Sublime Serving Sends Federer To 10th Wimbledon Final
Seven-time Wimbledon champion Roger Federer outlasted home hope and 2013 titlist Andy Murray 7-5, 7-5, 6-4 in a thrilling semi-final duel.
"Andy's been playing very well for the season," Federer told the BBC following the match. "There is so much expectation riding on the match. I'm unbelievably happy. I played so well in the biggest occasion today.
"I've been serving very well for the entire tournament. I wasn't broken against one of the best returners. I kept the pressure up and went for my shots. I mixed it up like I usually do and kept pushing forward and staying focused. It all worked out really well."
In reaching an unprecedented 10th Wimbledon final, Federer became the oldest men's finalist since Ken Rosewall in 1974. The World No. 2 advanced to his 26th major title match, extending the all-time record he took sole ownership of six years ago. Still undefeated in semi-finals at the All England Club, Federer will be looking to capture a record eighth title when he renews his rivalry with top seed and defending champion Novak Djokovic on Sunday. In last year's final, Djokovic prevailed in five gritty sets.
Friday's affair was the 24th FedEx ATP Head2Head clash between Federer and Murray, with the 33-year-old Swiss improving to 13-11. It was their first encounter at the All England Club since splitting meetings during a memorable summer of 2012, with Federer prevailing in the Wimbledon final and Murray exacting revenge for the Olympic gold medal.
Both players started strong, hitting through the ball with conviction in the early stages. Federer was tested early, denying a break point at 30/40 in the opening game and they remained on serve until the 12th game, when the second seed pounced on a 15/40 advantage after rifling a backhand winner. Murray saved one set point with a forehand pass, but Federer capitalised on his second to wrap up the opener in 45 minutes.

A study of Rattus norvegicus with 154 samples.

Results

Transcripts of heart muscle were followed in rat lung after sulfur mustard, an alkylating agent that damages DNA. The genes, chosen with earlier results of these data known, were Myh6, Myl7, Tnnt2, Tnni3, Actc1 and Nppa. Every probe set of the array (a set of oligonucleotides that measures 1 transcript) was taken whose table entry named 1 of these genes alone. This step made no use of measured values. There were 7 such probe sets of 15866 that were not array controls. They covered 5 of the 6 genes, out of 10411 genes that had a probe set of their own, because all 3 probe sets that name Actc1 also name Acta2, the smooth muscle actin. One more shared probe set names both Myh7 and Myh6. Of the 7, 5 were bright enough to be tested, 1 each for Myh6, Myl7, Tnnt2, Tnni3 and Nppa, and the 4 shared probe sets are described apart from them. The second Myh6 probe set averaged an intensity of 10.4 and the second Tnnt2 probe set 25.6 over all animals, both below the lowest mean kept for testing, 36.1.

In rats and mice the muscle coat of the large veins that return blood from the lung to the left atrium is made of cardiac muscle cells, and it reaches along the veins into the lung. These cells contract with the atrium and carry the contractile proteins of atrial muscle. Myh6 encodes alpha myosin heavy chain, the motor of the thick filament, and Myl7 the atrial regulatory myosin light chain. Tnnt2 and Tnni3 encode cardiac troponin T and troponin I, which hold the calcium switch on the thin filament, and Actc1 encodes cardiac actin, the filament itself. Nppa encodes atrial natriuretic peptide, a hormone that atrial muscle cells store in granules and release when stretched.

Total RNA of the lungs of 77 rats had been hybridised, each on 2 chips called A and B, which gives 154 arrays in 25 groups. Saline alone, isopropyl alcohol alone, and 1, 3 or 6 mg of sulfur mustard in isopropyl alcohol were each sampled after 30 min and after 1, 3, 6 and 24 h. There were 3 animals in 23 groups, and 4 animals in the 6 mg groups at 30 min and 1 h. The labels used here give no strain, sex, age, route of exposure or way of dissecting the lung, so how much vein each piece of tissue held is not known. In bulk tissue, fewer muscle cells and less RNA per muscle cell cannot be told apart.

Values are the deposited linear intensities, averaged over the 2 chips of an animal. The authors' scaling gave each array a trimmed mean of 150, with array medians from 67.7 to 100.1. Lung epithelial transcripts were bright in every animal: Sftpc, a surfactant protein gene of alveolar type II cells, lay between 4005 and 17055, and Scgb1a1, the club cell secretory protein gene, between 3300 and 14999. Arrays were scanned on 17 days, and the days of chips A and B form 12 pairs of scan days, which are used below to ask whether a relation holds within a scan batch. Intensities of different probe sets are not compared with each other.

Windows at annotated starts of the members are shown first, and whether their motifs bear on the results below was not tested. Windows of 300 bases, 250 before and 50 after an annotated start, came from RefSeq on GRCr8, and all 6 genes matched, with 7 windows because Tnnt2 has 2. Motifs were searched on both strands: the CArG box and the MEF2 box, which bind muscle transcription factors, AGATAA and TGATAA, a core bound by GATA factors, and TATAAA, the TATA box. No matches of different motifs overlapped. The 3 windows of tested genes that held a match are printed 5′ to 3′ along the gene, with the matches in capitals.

The Swiss, who came forward often to apply pressure on the Scot (8/15 net points won), struck 11 aces and 23 winners, making 29 of 34 first serves (85 per cent) in the first set.
The high-quality affair spilled into the second set as both players ratcheted up the intensity. Federer's tactics were clear from the onset, giving Murray little pace to feed off with a barrage of timely slice backhands and inside-out forehands to open up the court.
Perhaps the game of the year came with Federer leading at 5-4, as both players turned in a sublime shotmaking exhibition. Murray's serve would come under siege. A sparkling cross-court running forehand winner that clipped the side tramline and a netted Murray backhand would give the Swiss three set points at 0/40. The Dunblane native did well to send the game to deuce and save two more chances, eventually thumping an ace to hold after a hard-fought 14 minutes.
Federer would need just one minute to hold for 6-5 and kept the pressure on Murray's serve in the 12th game. The seven-time champion would put away a volley on his sixth set point, claiming a two-set lead after one hour and 34 minutes. He struck 18 winners and won a staggering 19/19 first serve points in the second set, while claiming 10/13 at the net.
In the third set, they would remain on serve until the 10th game when Federer once again attacked Murray's serve. He took advantage of his first match point to close out the match after two hours and seven minutes. In total, he fired 56 winners and 20 aces, winning a whopping 84 per cent of first serve points.
Murray was vying to advance to his third Wimbledon title match and ninth in majors. He was contesting his 17th Grand Slam semi-final, extending his record for the most SF appearances by a British man ahead of Fred Perry (13)."He served fantastic, apart from the first game where I had the chance there," said Murray. "I didn't really have any opportunities. That puts pressure on you. The pressure builds throughout the set that way.
"Obviously I got broken right at the end all of the sets. But I didn't actually play a bad match. Played pretty well."